Music Reviews
Stuff Like That There

Yo La Tengo Stuff Like That There

(Matador) Rating - 8/10

Stuff Like That There is not your typical covers album. Some recording artists, and I'm not saying names, resort to covers when the creative well runs dry and contract obligations demand new product. That's not the case here. In a career that spans over 30 years, Yo La Tengo has applied the same exacting standards to originals and covers alike. For this project, the task of matching strands of country, soul, and indie sounds would have been daunting, but the band handles the job with composed confidence. The unifying factor is a semi-acoustic approach first heard on 1990's Fakebook, an album that helped cement the band's reputation way back when. Therefore, it's no coincidence that former member Dave Schramm is back in the fold, handling crisp guitar lines with unruffled ease. It's a cause for celebration, and he'll be joining the band on their upcoming tour, but the sentimental journey is just the icing on the cake. The group has worked hard on these interpretations. In their universe past and present converge as all-directions promenades, clearly evident in the selection of songs.

As musical archeologists, Yo La Tengo shine a light on obscure oldies and contemporary gems, prompting us to seek out the originals. Take the case of album opener My Heart's Not In It, a 1964 soul tune written by Gerry Goffin and Russ Titelman for Darlene McCrea, former lead singer of The Cookies. On Yo La Tengo's hands, the Motown-style arrangement is shucked aside for a gentle sound that brings to mind late-fifties vocal groups like The Fleetwoods. This minimalist approach also works well on George Clinton's I Can Hear The Ice Melting. They can't belt out the tune like The Parliaments did, so they focus on the emotional delivery to put the message across. It all matches well with their selection of indie cuts from Great Plains, Antietam, and Special Pillow. Songs like Before We Stopped To Think and Automatic Doom are given a reverential folk treatment, both standing out as open-heart confessions.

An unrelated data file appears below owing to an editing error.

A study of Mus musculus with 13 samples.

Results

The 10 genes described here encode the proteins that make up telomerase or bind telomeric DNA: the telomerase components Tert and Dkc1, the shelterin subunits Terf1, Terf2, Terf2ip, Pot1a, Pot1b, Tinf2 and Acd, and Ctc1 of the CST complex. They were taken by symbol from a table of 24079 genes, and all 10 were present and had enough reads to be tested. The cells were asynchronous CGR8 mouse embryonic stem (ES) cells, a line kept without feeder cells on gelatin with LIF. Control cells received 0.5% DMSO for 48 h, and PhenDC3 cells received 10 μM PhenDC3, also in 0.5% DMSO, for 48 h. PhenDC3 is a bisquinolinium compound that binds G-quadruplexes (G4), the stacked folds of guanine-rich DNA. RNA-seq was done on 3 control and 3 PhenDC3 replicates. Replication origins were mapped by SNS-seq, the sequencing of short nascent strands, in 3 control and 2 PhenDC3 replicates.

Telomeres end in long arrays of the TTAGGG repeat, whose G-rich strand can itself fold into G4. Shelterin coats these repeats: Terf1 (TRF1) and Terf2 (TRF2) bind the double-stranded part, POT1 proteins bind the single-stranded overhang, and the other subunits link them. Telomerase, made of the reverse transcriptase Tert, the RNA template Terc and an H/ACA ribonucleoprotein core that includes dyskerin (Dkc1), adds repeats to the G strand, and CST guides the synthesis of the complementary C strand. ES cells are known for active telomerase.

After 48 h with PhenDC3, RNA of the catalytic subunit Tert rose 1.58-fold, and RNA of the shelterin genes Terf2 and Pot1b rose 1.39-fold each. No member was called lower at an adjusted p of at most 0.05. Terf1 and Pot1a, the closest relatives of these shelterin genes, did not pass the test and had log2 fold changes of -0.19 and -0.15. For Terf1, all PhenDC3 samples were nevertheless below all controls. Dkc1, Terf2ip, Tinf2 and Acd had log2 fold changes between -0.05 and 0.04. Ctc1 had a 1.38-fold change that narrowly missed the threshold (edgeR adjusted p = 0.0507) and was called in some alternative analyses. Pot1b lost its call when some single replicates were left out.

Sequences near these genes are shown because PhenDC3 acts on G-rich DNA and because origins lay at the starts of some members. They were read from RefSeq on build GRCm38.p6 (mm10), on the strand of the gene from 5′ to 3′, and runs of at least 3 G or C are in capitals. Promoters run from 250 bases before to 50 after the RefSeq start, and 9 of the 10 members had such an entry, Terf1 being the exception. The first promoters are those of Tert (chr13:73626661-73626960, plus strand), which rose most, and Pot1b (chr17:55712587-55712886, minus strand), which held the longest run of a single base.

The band's not afraid of tackling mainstream evergreens. There are countless versions of Hank William's I'm So Lonesome I Could Cry, but some unexpected chords coupled with Georgia Hubley's deft vocals recharge this classic. She shines again on The Cure's Friday I'm In Love, giving the boot to Robert Smith's gushing optimism and replacing it with cautious joy.

Three songs from previous albums have been revamped: All Your Secrets, The Ballad Of Red Buckets, and Deeper Into Movies. These are done in the tradition of spare, direct rock, where a hint of reverb is enough to change the tone. Without keyboards or guitar feedback the delivery of the lyrics gets center stage, heightening the emotional import. However, plucking the strings of time is only half the story. There are two new songs, and both measure up well against these band staples. With fluid stand-up bass lines and a tight blend of voices, Rickety sounds like The Velvet Underground if they had come from Brazil. By contrast, Awhileaway belongs in the realm of the otherworldly, its sustained guitar lines wafting from some psychedelic daydream.

It's remarkable that the 14 tracks here sounds of a piece. Music from diverse artists such as The Lovin' Spoonful and Sun Ra adds bold tangents to the album's design yet fits as perfectly as clockwork. It takes an unusual talent to make these connections. It's no wonder, then, why Yo La Tengo is still around. They have never fallen into the trap of insularity, which often takes good bands to a dead end. With the zeal of archivists and a yen for experimentation, they have found strength in giving tribute to their influences, reaffirming the role of interpretation in contemporary music.